I honestly never thought I would make it to seventy-five. There were times flying like compressor stall during a burner climb out or losing my stability augmentation system during a night monsoon instrument landing in almost zero/zero conditions, losing hydraulics over the badlands, those pesky ball peen hammer sounds small arms make going through the aluminum skin of an aircraft and, of course, that oopsy daisy landing that put me in a body cast for months. Then there was the slowly bleeding out in a full leg cast. Thanks again Frank and Pat for noticing the blood. I got four units of blood during the subsequent emergency surgery.
Then there were the times with Hezbollah and Al Gamat lined up behind me in the streets of Khartoum You probably know Al Gamat by its later name, Al Qaida, but it was Bin Ladin’s boys in Khartoum and they made an attempt but their sedan wasn’t a big as my Landcrusier with the cow catcher on the front. Add bouts of the black dog of depression; betrayals of trust, both personal and professional and stir vigorously. So, yeah, never thought I’d get this far, but here I am.
You would think that by your 75th birthday most of your overriding responsibilities would have dwindled to a minimum, and you would be living the good life we were all promised if we applied ourselves and worked hard. For the most part that is true but I have a 99+ year old mother who is bed bound in a nursing facility thirty-seven miles away and I honestly think she is going to outlive me. Anne and I have been doing elder care for fifteen years now. First, her parents and my mom, and now my mom alone. It is a time consuming task dealing with care givers, nurses, doctors, insurance, downsizing and all the other chores associated with long-term care giving. I’m sure many of my readers are, or have been, there and can understand. And when it was three people, all with different problems, it was even more so. We also have a one year old hound dog who’s only about half-trained, and a seventy-five acre estate to take care of. So, lots of responsibilities remaining.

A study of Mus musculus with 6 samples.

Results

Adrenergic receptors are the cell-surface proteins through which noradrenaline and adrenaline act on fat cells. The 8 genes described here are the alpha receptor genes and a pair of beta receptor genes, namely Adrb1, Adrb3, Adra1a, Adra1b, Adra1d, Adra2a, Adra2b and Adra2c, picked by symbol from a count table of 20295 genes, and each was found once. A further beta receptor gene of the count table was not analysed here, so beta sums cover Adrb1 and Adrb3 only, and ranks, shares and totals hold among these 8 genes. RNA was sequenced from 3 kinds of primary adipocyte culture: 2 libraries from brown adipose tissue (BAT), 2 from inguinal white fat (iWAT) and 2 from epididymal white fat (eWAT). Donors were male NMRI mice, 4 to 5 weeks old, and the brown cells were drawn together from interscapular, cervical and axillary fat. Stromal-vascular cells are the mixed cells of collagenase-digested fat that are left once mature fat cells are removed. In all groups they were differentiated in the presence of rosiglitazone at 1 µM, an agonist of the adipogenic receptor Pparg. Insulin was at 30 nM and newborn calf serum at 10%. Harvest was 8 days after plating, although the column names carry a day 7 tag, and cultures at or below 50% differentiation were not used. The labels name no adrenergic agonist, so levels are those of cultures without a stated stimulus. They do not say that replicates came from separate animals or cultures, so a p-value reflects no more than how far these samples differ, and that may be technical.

Health wise, I’m in better shape than I ought to be given the life I’ve led, what with the sleep deprivations of full-time cover work, then spying all night, being vomited on by drunk agents, crawling around on the ground at midnight looking for Top Secrets documents dropped by one such drunk agent. Talking my way through road blocks at 0100 while carrying some of those Top Secret documents and knowing I was going to have to come back through when I returned the documents at 0400. Do this every other week and some just as perilous tasks in between because you handle multiple spies and, while you may have some stories to talk about, each of them extracts both a corporeal and psychological cost. Then, there was the stress of years of hyper-vigilance and the toll that adrenalin takes on the body. Of course, being shot in the chest with a half-charge 9mm plastic round and no vest, leaves its marks. In this case a spider web of cracks in the sternum.
Injections forestall necessary replacements in my knees, shoulder and hip, which I can’t have done because, with my mother, I cannot afford the down time of recovery. But, since the body cast at twenty-two, I have lived with pain as a close, if not welcome, companion. Adjusting to new pains takes longer now than before, but it can be done. I think our pain tolerance levels must decrease as we grow older.
The greatest loss I am experiencing is that of friends. Many of the people I knew, and cared about, in high school have died or don’t want to rekindle a friendship. I honestly don’t know why, since I’m really a funny guy, if you like Dad jokes. Then many college and Air Force friends have also died. One of the reasons I left the Air Force was because I became terribly sad by having to put on my Class A’s, every few months, and go to a memorial service. After the 23rd I stopped, and that was just in ten years.
Still I have been receiving a steady flow of birthday greetings from family and friends and that is a pleasant experience, but it only happens one day a year. So, now, for the most part, I sit in my tower office with few friends with whom to reminisce or discuss current events and such. Thus, I write blogs about this and that. Work on short stories, all of which must have happy endings, and engage in more than a little metaphysical postulating. I also tell the dog to “Leave it” a lot.
While it isn’t what I would have necessarily chosen, it’s not bad and certainly could be a lot worse. And so I celebrate an occasion I did not foresee and did not expect, wondering what the next year will bring.